A few days with the SiFive HiFive1

By | January 7, 2017

A few days ago, I managed to sort out some shipping issues, and I finally got my hands on a SiFive HiFive1 board. This is something new, open source hardware, thanks to RISC-V. No, really. The MCU is open source, just go and grab the RTL files from their GitHub.

Anyway, I’ve been playing around with it for a few days, and I’m not ready for a review yet, but I thought I’d let you know how it is going.

Short version – it rocks!

Long version, I love it. It is a “Pioneer Edition”, and as such, you can expect a few problems here and there, and indeed, there are a few. Nothing major, but this board isn’t ready for production systems. Not yet, at least.

There are two ways of using the board; Arduino, or the native code. Using the Arduino IDE is simple enough, it only takes a few steps, and you are good to go with what has to be the fastest Arduino ever.

Using native development tools does take a little more work, but nothing too much. Put simply, get the source code from GitHib, run a make command, and let your PC churn out object files for 10 minutes or so. Afterwards, you get all the tools you need to compile, flash and debug.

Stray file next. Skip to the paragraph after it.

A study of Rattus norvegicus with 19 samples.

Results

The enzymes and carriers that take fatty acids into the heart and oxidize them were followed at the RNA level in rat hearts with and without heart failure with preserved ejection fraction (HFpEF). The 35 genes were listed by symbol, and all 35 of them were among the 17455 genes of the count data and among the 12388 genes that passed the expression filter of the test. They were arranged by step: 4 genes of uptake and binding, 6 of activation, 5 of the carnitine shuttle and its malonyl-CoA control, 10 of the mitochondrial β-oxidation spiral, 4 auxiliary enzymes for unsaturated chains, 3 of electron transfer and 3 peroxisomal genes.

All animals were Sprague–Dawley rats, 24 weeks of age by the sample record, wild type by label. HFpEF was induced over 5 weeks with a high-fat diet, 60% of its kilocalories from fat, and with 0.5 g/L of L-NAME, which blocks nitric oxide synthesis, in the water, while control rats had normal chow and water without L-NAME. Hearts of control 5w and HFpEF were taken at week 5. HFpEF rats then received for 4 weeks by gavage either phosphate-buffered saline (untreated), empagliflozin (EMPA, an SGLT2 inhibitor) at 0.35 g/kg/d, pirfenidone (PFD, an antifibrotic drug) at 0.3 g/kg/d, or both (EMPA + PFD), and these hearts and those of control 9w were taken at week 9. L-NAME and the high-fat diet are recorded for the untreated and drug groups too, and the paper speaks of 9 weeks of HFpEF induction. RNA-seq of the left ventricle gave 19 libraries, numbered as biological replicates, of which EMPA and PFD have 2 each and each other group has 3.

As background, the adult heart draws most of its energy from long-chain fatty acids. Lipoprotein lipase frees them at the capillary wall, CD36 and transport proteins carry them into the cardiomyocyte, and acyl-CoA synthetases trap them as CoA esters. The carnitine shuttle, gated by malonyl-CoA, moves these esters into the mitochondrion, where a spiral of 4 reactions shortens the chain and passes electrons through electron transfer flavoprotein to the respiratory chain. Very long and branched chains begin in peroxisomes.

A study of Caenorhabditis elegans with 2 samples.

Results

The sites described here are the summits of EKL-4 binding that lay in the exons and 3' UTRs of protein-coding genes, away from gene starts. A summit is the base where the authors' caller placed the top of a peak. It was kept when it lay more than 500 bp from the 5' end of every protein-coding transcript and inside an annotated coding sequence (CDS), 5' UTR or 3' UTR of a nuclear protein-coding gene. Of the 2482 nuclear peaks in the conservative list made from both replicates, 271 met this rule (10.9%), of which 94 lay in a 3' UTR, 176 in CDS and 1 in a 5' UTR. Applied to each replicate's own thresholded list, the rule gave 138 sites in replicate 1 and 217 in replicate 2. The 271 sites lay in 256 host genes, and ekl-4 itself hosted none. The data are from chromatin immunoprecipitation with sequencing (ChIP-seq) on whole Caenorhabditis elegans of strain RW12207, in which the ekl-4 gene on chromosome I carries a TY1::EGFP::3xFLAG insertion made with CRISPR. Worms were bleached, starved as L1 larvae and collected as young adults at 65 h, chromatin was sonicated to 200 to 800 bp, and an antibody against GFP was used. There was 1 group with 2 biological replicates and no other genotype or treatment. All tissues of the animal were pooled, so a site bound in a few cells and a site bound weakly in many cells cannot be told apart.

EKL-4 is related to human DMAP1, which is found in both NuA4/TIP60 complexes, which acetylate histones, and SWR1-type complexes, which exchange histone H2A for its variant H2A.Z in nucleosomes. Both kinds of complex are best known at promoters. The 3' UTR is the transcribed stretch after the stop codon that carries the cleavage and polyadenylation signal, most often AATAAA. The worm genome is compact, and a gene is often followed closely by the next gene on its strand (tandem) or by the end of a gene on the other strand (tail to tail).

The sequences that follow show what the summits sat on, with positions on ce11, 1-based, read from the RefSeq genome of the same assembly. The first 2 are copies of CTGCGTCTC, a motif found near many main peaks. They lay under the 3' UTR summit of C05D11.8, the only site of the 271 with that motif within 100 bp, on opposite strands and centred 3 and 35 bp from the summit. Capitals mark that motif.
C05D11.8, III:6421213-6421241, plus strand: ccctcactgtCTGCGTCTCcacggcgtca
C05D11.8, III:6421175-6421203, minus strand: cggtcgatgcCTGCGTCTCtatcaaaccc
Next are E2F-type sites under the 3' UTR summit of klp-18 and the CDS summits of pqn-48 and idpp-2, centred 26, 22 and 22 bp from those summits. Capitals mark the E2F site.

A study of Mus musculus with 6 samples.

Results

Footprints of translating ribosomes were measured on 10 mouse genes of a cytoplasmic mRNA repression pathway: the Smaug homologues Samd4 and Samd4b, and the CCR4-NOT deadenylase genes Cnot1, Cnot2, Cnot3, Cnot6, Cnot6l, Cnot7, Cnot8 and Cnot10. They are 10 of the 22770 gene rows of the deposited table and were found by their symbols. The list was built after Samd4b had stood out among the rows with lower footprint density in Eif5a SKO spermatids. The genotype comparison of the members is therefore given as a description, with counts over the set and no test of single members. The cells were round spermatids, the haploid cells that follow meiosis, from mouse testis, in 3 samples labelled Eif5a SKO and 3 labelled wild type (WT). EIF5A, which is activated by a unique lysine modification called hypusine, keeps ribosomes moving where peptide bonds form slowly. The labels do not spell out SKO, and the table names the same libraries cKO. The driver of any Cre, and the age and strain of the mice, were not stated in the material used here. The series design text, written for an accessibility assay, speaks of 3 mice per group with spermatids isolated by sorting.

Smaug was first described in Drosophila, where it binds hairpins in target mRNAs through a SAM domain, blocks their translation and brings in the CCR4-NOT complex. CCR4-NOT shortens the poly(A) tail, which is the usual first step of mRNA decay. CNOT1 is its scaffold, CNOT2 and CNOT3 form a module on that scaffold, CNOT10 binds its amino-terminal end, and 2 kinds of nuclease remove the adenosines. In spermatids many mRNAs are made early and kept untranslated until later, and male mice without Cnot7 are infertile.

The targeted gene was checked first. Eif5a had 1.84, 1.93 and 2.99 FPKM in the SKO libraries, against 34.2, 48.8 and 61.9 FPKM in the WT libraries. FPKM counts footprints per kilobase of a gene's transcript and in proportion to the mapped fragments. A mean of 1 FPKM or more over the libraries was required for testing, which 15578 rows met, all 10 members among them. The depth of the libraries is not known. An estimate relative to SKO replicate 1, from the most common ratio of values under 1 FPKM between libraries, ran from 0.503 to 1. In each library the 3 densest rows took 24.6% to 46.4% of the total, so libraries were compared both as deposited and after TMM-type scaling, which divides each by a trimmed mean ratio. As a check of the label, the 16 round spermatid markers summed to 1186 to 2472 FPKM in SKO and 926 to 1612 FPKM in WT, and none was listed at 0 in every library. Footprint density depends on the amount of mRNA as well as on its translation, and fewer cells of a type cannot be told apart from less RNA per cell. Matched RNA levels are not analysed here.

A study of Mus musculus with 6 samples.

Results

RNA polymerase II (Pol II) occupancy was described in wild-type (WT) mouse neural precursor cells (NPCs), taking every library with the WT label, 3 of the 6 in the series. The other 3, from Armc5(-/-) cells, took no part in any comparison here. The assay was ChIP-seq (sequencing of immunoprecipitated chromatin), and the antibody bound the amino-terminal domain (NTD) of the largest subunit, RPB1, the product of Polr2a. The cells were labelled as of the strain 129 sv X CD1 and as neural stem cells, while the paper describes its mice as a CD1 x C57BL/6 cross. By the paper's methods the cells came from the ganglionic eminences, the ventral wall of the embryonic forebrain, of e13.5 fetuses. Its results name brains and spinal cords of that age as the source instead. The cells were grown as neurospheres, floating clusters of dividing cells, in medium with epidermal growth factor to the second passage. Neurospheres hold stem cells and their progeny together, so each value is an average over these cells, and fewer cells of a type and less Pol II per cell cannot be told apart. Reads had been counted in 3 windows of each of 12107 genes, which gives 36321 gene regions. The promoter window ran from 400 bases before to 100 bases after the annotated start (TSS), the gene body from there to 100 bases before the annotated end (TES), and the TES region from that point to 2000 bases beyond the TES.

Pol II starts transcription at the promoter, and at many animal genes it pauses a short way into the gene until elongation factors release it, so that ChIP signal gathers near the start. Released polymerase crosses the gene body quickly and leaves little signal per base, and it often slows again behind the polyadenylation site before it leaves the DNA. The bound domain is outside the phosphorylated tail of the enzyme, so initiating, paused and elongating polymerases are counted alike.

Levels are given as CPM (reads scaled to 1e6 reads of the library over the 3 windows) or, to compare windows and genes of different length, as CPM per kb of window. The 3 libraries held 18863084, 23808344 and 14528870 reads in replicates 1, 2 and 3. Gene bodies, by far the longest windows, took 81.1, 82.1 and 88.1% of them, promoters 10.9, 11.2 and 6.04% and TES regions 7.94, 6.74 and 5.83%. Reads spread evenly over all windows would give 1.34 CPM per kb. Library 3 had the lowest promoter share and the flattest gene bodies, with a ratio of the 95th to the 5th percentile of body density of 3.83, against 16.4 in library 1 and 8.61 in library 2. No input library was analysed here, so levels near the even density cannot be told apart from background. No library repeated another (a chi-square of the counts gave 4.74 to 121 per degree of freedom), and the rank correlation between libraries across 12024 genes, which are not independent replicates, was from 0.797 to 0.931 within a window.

One of the example programs is called “Dhrystone”, and you can guess what it does – a benchmark. So, my HiFive1 is running at a core frequency of 259,863,347 Hz. The result is 724637.6 Dhrystones per second, or to put it another way, 1.58DMIPS/MHz. My Nucleo F411RE, running on a STM32F411RET6 microcontroller (ARM Cortex-M4, 100MHz clock) achieves about 400k Dhrystones/second, or 2.27DMIPS/MHz. Let’s put that into perspective; the Cortex-M4 is a highly optimized core, with years of R&D, and far from being the first iteration of the Cortex series microcontrollers. The E300 is a very new chip, and one of the first RISC-V designs available. And it’s Open Source, it is only a question of time before people start suggesting improvements to the design. Oh, and it runs much faster. The 260MHz of this chip vastly outpowers the F411RE, and while I don’t have any tools capable of telling me the exact power consumption, I can say that it runs ice cold; during the few minutes that the benchmark runs, the chip doesn’t even get warm.